From an educational perspective, the Conference at PACK EXPO delivered significant results. The Conference at PACK EXPO featured 44 packaging technology and market-focused presentations from companies such as Avery Dennison, Kraft, Molson-Coors Brewing and Nestlé. This year, 918 packaging professionals attended the Conference at PACK EXPO, making it the most widely attended forum in the industry.

"The Conference at PACK EXPO continues to be the single largest educational opportunity available in the industry today. The key to its success is the dynamic, success-oriented focus the educational sessions maintain," says Charles D. Yuska, PMMI's president. "Year after year, PMMI research clearly indicates that time out of the office is extremely precious. It's critical that attendees get the most value out of their visit to a show. The Conference at PACK EXPO delivers this value with cutting-edge topics coupled with leading innovation exhibits."

The following are summaries from two of the keynote sessions.

The conference program kicked off the first day of the show with a presentation by John Delfausse, vp, packaging development, Aveda, on "Packaging Sustainability for Dummies (and Smart Packaging Pros)." Delfausse defined sustainability as meeting the needs of the present without compromising the ability of future generations to meet their own needs. The term "Cradle to Cradle" he explained as, "a world powered entirely by renewable energy. All products are made from either biological nutrients that replenish the earth after use, or technical nutrients that are perpetually recycled."

"Our mission at Aveda is to care for the world we live in, from the products we make to the ways in which we give back to society," he said. "At Aveda, we strive to set an example for environmental leadership and responsibility, not just in the world of beauty, but around the world." He explained that Aveda designs with single materials or components that can be separated for recycling and reuse. In addition to using recycled materials where possible, they also select materials that will have the minimum impact to the environment throughout their entire life cycle.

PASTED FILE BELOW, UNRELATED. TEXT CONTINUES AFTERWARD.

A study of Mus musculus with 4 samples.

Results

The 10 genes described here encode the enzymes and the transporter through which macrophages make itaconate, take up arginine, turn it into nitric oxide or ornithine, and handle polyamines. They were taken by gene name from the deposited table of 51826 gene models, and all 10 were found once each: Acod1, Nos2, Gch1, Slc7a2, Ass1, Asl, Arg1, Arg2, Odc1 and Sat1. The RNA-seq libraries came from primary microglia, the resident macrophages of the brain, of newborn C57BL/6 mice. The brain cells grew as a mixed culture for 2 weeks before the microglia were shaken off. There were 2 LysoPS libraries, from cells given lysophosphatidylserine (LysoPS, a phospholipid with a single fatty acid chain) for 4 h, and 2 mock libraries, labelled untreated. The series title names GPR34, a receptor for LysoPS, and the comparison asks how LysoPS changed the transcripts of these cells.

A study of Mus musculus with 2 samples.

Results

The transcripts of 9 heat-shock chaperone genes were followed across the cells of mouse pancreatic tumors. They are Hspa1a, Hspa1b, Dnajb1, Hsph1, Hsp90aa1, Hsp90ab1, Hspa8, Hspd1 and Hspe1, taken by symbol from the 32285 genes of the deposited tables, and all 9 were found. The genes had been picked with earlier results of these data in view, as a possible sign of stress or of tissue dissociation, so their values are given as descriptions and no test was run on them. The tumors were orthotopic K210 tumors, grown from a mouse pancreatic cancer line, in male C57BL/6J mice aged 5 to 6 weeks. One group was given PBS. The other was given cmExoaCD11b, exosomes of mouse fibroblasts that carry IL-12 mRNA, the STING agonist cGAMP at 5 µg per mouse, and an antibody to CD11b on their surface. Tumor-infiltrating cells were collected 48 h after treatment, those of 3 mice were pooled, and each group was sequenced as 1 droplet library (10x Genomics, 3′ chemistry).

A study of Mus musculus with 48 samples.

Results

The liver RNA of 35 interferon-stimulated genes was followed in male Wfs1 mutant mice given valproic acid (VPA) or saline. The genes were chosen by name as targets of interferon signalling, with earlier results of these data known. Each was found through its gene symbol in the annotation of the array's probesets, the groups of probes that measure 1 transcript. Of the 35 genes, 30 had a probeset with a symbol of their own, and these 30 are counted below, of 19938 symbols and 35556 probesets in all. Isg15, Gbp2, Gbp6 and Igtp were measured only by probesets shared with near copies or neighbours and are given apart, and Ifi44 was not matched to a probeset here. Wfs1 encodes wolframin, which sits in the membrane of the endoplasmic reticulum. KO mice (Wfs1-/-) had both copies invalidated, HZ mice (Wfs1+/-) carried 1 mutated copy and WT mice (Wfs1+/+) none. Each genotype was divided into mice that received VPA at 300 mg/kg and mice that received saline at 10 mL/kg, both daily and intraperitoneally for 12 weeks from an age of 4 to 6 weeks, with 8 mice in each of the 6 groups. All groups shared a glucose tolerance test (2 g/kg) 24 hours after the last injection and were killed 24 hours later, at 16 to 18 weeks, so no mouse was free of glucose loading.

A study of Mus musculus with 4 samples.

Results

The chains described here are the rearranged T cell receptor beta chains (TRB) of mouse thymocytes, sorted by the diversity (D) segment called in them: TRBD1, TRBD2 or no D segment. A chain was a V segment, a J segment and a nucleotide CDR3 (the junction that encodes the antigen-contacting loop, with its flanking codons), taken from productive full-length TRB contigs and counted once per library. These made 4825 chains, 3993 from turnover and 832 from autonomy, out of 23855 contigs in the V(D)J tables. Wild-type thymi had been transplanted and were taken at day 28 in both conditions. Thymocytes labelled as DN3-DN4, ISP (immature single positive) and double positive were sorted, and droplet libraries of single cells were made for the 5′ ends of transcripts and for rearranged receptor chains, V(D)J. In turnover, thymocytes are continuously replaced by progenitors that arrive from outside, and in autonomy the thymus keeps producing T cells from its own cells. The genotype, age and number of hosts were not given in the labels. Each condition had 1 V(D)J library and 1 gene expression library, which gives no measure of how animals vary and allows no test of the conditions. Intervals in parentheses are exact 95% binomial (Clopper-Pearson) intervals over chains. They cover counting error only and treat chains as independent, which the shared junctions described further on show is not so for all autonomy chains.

The following day started with a keynote address from Helmut Traitler, vp, packaging at Nestec Ltd., on "The Packaging Innovation Process: From Concept to Launch." The food industry used to view packaging as a cost factor, a technical hurdle, a nuisance that only packaging people could come up with, and just a protector of the product, he said. "Today, we envision packaging as expressing the soul of a product; a powerful communication vehicle; a strong sales argument; an enabler for the supply chain; an opportunity for marketing; the last differentiator for consumers; and a design opportunity," he explained.

In order to achieve full alignment with Nestlé's vision, the company needed to introduce cultural and operational changes to establish a packaging innovation culture, Traitler explained. "At Nestlé, we strive for a consistent and disciplined innovation process, yet allow for free thinking. By putting together many known elements in a smart and efficient way, we have created our FastPack(TM) process." FastPack is a broad-based innovation and ideation process with structure and discipline. Through traditional brainstorming, it created hundreds of concept ideas in a relatively short period of time, typically two days. "Most importantly, it forces the ideation team to select not more than four to five concepts, based on each individual's field of expertise," said Traitler. About one out of three selected concepts ends up on the store shelf. "In the future, outstanding design will be the breaking point for all products and packages," he concluded.